EU Referendum

EU politics: the "blob" has spoken


000a Times-014 Glover.jpg

Anne Glover, as the Commission President's chief scientist, is no more. She has, according to The Times and The Guardian, been dumped by Juncker after pressure from Greenpeace over GM crops. Not only that, her post has been abolished.

This goes back to June, after Dr Glover had been outspoken in her criticism of the way policy was being formulated. At the time she was complaining that policymaking lacked the backing of scientific evidence.

She accused the Commission of cherry-picking evidence to support its cases, often outsourcing evidence-gathering to external consulting firms which were more interested in repeat business than objective science.

Glover, a molecular biologist, found it difficult to disentangle the Commission's evidence gathering processes from what she called the "political imperative" that were behind them. In particular, she railed against the opposition to GM crops. There was no evidence of adverse impacts, she said. Opposing them (GM crops) was "a form of madness".

This, however, is the same woman who has bought the official groupthink on climate change, lock, stock and barrel. She even once suggested that global warming might lengthen the hours of daylight in Scotland.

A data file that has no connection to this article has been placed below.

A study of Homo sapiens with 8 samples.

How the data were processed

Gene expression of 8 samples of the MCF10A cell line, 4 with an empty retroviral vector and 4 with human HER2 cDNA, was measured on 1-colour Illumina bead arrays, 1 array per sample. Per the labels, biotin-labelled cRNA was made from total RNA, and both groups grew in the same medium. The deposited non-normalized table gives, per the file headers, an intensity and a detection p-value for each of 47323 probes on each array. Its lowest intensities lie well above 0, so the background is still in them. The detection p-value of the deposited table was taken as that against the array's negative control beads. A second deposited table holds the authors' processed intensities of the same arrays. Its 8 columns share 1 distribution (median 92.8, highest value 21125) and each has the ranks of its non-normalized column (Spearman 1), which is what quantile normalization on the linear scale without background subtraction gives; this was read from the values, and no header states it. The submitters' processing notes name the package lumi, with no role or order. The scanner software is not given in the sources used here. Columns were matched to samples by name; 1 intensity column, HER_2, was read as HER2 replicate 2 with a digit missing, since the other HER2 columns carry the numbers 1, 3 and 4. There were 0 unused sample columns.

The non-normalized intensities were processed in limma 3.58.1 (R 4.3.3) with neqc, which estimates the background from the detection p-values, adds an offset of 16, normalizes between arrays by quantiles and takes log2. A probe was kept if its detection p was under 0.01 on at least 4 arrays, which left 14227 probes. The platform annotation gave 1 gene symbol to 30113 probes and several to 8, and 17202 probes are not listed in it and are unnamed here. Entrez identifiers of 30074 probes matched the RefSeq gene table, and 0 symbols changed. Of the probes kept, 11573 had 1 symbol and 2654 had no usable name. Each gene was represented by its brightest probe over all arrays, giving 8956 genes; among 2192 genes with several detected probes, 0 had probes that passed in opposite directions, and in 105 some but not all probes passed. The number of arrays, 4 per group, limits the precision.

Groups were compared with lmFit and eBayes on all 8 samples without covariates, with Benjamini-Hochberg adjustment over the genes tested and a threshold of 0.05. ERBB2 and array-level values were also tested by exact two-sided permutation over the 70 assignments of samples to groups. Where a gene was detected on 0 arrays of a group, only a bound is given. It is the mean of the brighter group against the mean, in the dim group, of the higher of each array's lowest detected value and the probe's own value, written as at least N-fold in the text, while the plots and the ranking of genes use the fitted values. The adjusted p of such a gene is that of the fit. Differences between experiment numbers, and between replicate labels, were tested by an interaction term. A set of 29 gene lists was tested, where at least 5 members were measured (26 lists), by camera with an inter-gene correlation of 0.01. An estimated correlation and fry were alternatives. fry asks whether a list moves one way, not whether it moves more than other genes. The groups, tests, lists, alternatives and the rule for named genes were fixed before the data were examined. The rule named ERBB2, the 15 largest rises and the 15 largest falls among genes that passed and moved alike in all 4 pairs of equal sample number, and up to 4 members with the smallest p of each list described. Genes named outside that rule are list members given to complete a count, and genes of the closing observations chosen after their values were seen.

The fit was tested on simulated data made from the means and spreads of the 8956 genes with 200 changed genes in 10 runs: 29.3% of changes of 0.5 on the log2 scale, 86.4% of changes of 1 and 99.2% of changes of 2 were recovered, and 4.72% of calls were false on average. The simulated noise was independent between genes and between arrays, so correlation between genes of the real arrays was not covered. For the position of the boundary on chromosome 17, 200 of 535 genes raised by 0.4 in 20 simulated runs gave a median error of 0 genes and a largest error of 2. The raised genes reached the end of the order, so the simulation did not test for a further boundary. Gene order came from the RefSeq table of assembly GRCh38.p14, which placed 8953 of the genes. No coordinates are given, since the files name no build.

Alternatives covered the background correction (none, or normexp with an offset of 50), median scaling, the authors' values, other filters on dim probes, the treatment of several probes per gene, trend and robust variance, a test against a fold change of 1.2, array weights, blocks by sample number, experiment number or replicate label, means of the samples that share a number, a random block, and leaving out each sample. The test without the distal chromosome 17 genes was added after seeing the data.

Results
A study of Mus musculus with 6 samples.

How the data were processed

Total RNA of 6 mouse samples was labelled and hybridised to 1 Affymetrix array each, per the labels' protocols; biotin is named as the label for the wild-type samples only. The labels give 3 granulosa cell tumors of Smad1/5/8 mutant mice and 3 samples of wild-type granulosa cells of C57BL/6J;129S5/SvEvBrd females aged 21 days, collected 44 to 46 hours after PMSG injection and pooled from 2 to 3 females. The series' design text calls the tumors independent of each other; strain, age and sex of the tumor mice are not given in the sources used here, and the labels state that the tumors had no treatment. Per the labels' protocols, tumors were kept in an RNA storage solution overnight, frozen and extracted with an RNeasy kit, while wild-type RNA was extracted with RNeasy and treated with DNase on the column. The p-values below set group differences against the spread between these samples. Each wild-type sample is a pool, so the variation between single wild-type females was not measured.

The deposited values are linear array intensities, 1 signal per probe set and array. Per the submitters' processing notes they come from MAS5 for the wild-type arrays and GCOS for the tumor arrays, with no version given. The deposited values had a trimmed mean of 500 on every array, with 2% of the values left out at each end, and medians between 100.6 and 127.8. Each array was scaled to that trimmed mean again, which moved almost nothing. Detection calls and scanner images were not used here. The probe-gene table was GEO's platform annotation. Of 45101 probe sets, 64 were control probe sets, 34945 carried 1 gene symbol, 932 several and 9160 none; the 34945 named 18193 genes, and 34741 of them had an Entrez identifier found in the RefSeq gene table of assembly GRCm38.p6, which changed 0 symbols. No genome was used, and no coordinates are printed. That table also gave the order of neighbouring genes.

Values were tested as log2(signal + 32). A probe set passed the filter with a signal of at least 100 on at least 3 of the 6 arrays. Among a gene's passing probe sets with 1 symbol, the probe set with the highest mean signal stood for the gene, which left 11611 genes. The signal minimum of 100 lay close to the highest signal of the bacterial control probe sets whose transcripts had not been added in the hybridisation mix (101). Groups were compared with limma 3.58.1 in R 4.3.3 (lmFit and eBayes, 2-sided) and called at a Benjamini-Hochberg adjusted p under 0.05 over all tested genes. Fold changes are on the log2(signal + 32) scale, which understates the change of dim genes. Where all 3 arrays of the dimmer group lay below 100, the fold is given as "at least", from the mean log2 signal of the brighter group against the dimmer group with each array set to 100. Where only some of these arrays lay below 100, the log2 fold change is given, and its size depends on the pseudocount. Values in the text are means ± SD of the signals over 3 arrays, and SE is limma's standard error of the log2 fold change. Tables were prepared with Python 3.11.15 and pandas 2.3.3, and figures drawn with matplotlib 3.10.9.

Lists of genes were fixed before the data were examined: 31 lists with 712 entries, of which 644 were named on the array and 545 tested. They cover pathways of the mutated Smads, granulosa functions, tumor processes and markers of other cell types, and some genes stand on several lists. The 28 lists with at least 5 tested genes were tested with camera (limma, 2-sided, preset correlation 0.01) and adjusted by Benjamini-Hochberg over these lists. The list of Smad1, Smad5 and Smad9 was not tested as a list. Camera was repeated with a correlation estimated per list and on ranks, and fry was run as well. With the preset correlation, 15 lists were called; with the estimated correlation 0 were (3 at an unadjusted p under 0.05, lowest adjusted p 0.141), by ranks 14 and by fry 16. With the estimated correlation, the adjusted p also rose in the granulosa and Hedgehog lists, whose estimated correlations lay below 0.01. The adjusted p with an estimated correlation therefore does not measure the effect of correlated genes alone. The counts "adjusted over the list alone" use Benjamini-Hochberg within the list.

However, that has not been enough to protect her from the ire of Owen Paterson's "Green Blob". Her ousting is directly attributed to a lobbying campaign led by Greenpeace, specifically on the grounds of her support for genetically modified crops.

Despite its support for all things green, however, even the Guardian is worried. It allowed James Wilsdon, professor of science and democracy at the Science Policy Research Unit (SPRU), University of Sussex, to write of her departure:
It is hard not to interpret this week's decision as a serious downgrading of the status of scientific advice at the top of the Commission. I fully expect Europe's research community - and all those who want a stronger role for evidence in EU policy - to be up in arms over this outcome. Juncker now needs to clarify with urgency what precise structures for scientific advice he plans to put in place.
As you might expect, though, Greenpeace is unrepentant. Doug Parr, its chief "scientist" in the UK office, said that "groups had been concerned about the lack of transparency over the chief scientific adviser's advice and concentration of power in one person".

Parr's view is that Glover had drawn attention to the shortcomings of her post by "sounding off" about GM food. He says, "It didn't feel to us that she was speaking out on the basis of scientific evidence but more on the basis of some personal opinions".

The "crime", of course, was in articulating her opinions, rather than simply acting as a megaphone for the "blob". And for that, she had to go. This shadowy group of organisations which constitutes a powerful, if invisible part of our government, has spoken. And Juncker has rushed to obey.